OSS4 and the "guide to sound apis"
Friday 26 September 2008, by
I can only but complain about the "Guide Through The Linux Sound API Jungle" that you mention in your last post.
All that is said there about OSS is pure FUD and only reflects a deep ignorance of the current project. It is a pitty to spread misinformations that deprecate the work of others without even trying to understand it.
Here is what is said about OSS in this document:
The Open Sound System is a low-level PCM API supported by a variety of Unixes including Linux. It started out as the standard Linux audio system and is supported on current Linux kernels in the API version 3 as OSS3. OSS3 is considered obsolete and has been fully replaced by ALSA. A successor to OSS3 called OSS4 is available but plays virtually no role on Linux and is not supported in standard kernels or by any of the relevant distributions. The OSS API is very low-level, based around direct kernel interfacing using ioctl()s. It it is hence awkward to use and can practically not be virtualized for usage on non-kernel audio systems like sound servers (such as PulseAudio) or user-space sound drivers (such as Bluetooth or FireWire audio). OSS3’s timing model cannot properly be mapped to software sound servers at all, and is also problematic on non-PCI hardware such as USB audio. Also, OSS does not do sample type conversion, remapping or resampling if necessary. This means that clients that properly want to support OSS need to include a complete set of converters/remappers/resamplers for the case when the hardware does not natively support the requested sampling parameters. With modern sound cards it is very common to support only S32LE samples at 48KHz and nothing else. If an OSS client assumes it can always play back S16LE samples at 44.1KHz it will thus fail. OSS3 is portable to other Unix-like systems, various differences however apply. OSS also doesn’t support surround sound and other functionality of modern sounds systems properly. OSS should be considered obsolete and not be used in new applications. ALSA and PulseAudio have limited LD_PRELOAD-based compatibility with OSS.
And here is what one of the devs from OSS answered to this :
It’s pretty inaccurate FUD (From the URL address - it’s Pulseaudio’s author, right? I’d have expected him to know better). He’s basically judging OSS per the old OSS/Free drivers, which is like 5 years ago, and even that he does wrong. First, *all* current implementations/emulations of OSSv3 do sample conversion. It’s not even a property defined by the API but by the underlying drivers. Second, even OSSv3 supported surround, USB cards, etc. Third, arguing that "it cannot be virtualized" is disproven by the amount of emulations and alternative implementations existing out there and working in practice. (The main difficulty is mmap() API, which is very rarely used anyway, and even that can be done with, say, oss2pulse). Fourth, complaining about OSS API being awkward, is... well, awkward when you compare it to ALSA API, if you could compare it, since most ALSA API isn’t documented. It’s kinda funny he advocates using ALSA API (not in the quoted part above, but last time I read his blog he suggested it). Actual ALSA devs advocate against it, but using a sound library with multiple backends .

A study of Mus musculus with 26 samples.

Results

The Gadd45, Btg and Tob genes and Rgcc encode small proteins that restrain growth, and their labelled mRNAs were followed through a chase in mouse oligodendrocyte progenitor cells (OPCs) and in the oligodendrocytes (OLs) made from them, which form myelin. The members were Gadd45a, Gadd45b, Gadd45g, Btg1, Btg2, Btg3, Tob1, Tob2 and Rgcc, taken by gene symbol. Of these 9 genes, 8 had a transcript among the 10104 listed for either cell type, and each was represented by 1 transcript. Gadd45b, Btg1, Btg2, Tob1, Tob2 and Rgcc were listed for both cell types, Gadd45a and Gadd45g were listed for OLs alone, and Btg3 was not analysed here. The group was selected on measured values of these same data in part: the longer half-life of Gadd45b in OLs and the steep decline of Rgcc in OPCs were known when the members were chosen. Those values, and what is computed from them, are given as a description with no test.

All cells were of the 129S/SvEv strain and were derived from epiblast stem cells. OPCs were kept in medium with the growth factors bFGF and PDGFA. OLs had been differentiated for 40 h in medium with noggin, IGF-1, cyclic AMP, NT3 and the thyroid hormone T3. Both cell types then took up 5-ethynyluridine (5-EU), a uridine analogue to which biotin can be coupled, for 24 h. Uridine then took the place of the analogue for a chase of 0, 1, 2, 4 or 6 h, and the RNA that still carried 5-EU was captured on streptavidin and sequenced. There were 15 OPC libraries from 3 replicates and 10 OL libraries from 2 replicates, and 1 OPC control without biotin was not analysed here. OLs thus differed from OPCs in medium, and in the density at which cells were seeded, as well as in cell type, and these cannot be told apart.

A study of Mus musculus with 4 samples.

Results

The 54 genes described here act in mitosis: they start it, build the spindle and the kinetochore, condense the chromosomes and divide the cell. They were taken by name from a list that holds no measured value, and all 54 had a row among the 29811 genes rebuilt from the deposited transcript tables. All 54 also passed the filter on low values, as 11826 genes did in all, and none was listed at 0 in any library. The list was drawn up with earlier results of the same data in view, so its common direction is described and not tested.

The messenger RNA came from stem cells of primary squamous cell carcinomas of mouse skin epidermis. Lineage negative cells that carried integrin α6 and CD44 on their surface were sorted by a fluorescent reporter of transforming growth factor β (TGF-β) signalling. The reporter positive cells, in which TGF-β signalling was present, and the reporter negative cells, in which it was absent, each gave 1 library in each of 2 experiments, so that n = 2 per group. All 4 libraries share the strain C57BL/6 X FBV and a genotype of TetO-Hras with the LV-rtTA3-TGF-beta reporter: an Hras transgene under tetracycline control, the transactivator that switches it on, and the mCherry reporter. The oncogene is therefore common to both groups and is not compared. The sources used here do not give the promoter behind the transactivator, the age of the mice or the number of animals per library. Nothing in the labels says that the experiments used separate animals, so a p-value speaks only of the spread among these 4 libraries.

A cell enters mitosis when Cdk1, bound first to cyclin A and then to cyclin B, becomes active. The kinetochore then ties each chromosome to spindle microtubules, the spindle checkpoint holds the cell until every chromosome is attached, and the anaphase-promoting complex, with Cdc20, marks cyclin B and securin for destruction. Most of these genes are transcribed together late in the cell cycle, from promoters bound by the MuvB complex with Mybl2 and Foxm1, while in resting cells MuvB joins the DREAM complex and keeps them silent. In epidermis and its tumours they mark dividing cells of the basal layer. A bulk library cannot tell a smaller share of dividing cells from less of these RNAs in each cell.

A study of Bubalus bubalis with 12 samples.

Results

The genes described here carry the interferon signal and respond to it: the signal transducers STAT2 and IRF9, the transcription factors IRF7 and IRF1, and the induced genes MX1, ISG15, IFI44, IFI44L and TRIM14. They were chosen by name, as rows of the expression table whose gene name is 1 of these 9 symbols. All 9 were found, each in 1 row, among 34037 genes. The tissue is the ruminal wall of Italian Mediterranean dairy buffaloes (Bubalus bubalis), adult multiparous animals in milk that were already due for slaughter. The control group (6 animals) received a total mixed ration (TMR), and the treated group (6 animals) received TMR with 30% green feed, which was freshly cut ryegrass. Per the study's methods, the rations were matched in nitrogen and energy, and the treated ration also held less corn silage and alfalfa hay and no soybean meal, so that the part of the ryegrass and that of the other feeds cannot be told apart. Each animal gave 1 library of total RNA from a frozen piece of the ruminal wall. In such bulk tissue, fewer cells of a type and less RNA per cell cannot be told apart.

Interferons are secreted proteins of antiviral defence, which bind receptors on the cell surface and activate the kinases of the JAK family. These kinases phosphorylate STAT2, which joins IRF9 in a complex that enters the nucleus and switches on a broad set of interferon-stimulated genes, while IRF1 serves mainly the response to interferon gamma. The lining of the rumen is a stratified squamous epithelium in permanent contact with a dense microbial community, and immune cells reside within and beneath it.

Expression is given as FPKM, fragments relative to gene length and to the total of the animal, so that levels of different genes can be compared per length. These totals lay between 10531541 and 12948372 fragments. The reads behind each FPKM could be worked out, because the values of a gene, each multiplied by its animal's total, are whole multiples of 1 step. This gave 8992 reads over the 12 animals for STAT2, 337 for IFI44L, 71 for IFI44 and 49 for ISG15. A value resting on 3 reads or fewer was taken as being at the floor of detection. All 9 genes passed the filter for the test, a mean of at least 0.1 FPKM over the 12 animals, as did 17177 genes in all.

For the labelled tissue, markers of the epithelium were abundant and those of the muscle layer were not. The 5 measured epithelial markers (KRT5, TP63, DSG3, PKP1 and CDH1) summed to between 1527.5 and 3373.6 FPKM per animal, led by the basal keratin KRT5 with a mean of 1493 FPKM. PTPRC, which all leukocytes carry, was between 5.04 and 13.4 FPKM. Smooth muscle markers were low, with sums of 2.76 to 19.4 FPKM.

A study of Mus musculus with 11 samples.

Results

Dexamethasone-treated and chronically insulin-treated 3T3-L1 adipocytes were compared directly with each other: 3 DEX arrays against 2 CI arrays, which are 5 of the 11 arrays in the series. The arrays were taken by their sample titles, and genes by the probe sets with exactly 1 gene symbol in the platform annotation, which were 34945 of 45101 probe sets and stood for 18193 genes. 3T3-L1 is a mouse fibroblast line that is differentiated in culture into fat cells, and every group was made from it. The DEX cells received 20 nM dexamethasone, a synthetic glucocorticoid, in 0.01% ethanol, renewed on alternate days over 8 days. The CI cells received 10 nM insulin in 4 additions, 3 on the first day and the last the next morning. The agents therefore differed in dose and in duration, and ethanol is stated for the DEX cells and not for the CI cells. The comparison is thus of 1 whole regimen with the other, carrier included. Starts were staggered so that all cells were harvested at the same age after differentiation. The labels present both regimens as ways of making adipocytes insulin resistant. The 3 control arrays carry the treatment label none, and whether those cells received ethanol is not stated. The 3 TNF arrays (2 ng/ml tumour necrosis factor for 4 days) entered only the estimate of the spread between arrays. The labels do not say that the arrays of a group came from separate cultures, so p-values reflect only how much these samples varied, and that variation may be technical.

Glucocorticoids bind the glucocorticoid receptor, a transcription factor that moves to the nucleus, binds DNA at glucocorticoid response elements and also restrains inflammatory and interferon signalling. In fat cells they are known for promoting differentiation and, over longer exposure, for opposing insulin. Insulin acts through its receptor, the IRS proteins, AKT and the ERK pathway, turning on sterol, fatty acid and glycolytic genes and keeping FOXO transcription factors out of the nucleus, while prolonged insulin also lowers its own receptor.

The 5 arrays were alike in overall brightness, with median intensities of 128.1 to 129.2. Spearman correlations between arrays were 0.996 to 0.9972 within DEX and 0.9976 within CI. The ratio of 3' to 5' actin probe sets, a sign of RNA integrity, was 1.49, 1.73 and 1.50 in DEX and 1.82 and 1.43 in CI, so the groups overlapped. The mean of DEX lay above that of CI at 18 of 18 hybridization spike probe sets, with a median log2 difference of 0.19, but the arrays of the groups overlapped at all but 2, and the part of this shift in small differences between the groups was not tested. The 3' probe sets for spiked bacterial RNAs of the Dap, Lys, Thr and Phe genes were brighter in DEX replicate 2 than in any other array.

Hence, ALSA was launched, and OSS was progressively discarded, while constantly being the target of FUD like this.
OSS has then lived for almost 10 years in the dark side of the force, but eventually did the way back in July 2007. Ironically, now most of the developpement in the linux kernel is driven by commercial interests.
Most of the original complains about OSS are now fixed, including all the FUD written in this guide. In particular, software mixing is now supported.
Being also part of a project that writes code to handle sound input and output, I can only but complain about the mess in the area of sound APIs in linux.
However, OSS should really be reconsidered. In particular, its API is designed in order to abstract as much as possible access to the sound card, so that application writers have as less as possible to do with sound conversion and the like — Those who have tried to use ALSA may for instance compare that to the "set rate near" call in its API: this call will set the rate to what the hardware support and let you handle the conversion... For each application...
Also, OSS API is available across all unices, except OSX, and there is even a BeOS port going on.
Finally, OSS API is POSIX oriented, reading and writing on the sound card, being a matter of calling few ioctls and then reading from the device file.
In the future, OSS developpement will most probably be done as a community project, and I believe it is now time to stop spreading false ideas about the project, and give it as much attention as the other projects.
For the debian users who want to try OSS4, a package is available in the packaging team’s svn repository. It has been sitting in NEW for some time, I hope it gets accepted at some point.